Handmade gifts are appreciated so much by other crafty-type people. They understand the gift is an expression of your regard for them. They know you spent time thinking about them while you made the object and that each stitch and every cut is filled with warm wishes and creative spirit.All the trading systems have been developed by the experts putting themselves into the shoes of the traders, taking up their roles and realising what would be the expectations of a normal, casual trader. Visit the following site of the various trading systems to know how and based on what have they been developed. And it’s even better when the gift is something beautiful they can use every day. So, what are you making for the maker in your life? We’ve got 10 ideas for knitters, sewers, scrappers and all around craft enthusiasts. Just for fun, we’re going to unwrap one at a time. And because we’re all super busy this time of year, each project takes just 15 or 20 minutes and little (or no) money. You might even be able to complete all 10 with items you have sitting in your craft room right now.
Here’s gift number eight: On-the-Go Knitting Bag
I like to knit on the go, while I’m watching a soccer game or waiting at the airport. So, I keep lots of these knitting bags on hand with a project inside I can pick up and put down without thinking about it. I keep one in each car, one in my gym bag, anywhere I might have a few minutes to knit. The special thing about these bags is the extra long shoulder strap. You can sling it across your chest and knit away without worrying about my yarn rolling around or falling out. You can also add an outside pocket for a pattern and an inside pocket for a measuring tape, stitch markers and small pair of scissors.
You can use just about any fabric for this bag, though I prefer using heavy tapestry printed upholstery material. The size you make really depends on the size yarns your gift recipient knits with. I tend to knit socks and lightweight items, so my bag is smaller. If your knitter uses bulky weight yarns, be sure to adjust the size accordingly. This is a super easy bag you can make in about 30 minutes with scrap fabric you have on hand.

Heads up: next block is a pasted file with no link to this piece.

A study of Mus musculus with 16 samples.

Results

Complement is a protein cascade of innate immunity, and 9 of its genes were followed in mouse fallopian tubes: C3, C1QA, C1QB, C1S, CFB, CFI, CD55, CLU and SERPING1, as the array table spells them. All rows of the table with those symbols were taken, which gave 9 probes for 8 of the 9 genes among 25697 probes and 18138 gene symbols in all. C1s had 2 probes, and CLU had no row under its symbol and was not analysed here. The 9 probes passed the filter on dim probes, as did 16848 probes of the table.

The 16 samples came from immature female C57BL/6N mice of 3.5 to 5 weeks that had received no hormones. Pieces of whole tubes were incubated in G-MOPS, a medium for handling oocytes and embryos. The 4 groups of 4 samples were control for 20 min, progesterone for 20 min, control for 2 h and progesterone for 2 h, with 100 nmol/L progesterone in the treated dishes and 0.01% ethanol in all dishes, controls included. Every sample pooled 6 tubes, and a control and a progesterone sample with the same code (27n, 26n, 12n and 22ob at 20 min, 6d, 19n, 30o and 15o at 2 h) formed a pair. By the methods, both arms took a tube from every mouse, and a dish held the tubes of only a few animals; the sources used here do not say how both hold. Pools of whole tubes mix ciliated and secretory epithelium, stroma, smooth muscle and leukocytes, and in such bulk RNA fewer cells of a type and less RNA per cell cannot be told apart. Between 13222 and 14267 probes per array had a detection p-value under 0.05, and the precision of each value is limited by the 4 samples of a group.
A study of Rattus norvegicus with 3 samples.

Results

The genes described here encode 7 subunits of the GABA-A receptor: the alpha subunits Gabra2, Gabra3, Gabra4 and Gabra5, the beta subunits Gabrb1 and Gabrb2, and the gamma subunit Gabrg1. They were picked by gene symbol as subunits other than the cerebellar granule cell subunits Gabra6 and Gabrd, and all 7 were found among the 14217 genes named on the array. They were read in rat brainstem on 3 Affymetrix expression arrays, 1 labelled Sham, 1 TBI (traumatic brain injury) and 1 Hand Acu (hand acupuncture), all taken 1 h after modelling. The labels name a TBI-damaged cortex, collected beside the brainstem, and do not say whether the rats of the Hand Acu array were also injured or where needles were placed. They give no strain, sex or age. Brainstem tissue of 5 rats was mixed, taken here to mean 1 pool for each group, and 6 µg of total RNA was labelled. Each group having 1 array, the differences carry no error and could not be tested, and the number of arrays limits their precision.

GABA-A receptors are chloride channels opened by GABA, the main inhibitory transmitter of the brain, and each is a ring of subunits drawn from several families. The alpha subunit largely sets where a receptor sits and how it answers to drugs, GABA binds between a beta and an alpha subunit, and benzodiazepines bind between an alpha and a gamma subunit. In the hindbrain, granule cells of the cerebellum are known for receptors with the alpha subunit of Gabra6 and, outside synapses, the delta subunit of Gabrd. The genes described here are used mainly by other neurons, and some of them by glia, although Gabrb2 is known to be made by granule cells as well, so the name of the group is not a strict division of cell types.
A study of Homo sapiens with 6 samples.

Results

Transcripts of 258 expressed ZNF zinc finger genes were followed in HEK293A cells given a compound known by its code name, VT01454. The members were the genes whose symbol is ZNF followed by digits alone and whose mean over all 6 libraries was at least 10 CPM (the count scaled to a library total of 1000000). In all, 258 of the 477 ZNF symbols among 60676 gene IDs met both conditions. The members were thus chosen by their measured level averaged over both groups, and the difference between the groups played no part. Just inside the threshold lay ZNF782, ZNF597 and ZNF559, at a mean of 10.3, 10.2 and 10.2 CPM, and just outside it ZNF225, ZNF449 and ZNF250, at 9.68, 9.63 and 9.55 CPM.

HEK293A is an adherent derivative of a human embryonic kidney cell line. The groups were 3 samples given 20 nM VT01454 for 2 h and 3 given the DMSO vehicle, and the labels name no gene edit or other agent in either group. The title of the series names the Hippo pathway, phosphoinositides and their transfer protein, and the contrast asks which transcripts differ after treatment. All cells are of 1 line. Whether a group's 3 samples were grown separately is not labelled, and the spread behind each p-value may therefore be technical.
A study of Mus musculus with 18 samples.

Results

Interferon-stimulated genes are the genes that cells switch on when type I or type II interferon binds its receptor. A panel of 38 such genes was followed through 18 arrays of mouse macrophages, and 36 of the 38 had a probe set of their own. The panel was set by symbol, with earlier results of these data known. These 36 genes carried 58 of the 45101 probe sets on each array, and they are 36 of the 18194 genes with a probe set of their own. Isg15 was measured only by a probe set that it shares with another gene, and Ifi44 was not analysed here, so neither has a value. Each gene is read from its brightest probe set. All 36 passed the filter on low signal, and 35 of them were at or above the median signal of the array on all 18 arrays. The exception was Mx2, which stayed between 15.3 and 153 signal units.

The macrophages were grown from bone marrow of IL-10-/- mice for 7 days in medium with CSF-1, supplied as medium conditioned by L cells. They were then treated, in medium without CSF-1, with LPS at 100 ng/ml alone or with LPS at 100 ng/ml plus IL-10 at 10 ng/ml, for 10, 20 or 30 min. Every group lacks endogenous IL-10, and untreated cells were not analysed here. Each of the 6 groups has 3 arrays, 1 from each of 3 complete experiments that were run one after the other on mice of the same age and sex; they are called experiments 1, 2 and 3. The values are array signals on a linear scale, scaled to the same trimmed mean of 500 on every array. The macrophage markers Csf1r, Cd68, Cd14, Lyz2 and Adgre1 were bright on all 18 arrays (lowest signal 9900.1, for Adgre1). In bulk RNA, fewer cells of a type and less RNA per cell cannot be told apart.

Step 1. Figure out how deep and wide you want the finished bag. Then cut out a strip of fabric that measures the same width and three times the depth. So, if you wanted an 8″ x 10″ bag, you would cut a strip 8″ x 30″.
Step 2. Fold the rectangle up from the bottom until the folded part measures the same as your desired bag depth. So, in our 8×10 example you would have 2 pieces at 10″ and a 10″ piece left over. The folded part is your bag and the single piece is your front flap.
Step 2-A. If you want pockets, now is the time to sew them on. You can make any size rectangles you want for pockets, hem and sew them onto the main pouch section. I usually add a full-length pocket on the outside to hold my pattern. Also, if you’re going to embellish any part of the bag, with embroidery, applique, or whatever, now is the time to do that.
Step 3. Pin the folded part together. Sew or serge up the sides of the folded part, and hem the flap either with a facing strip or just folding it under. I usually serge all the way around the raw edges. Then iron the serged edge of the flap under and hand stitch it down.
Step 4. Cut a long strap about four to six inches wide. I go for a good 40″ long piece, but adjust according to your preference. With right sides together, sew it in half lengthwise and then turn it right side out and press flat. Now you have a long finished strap and all you have to do is attach it to the sides of the bag (on the inside.) For bonus points, you can decorate the flap and add a fancy closure. Why not throw in some handmade stitch markers while you’re at it?
Julie Anne Eason is making her list and checking it twice. In addition to writing for Handmade Spark, she also runs a number of websites including SeriousSewing.com. She writes helpful reviews on items like the Brother CS6000i sewing machine, Janome Xpression embellisher, Juki sergers and cutting tables.
See the rest of Julie Anne’s tutorials here.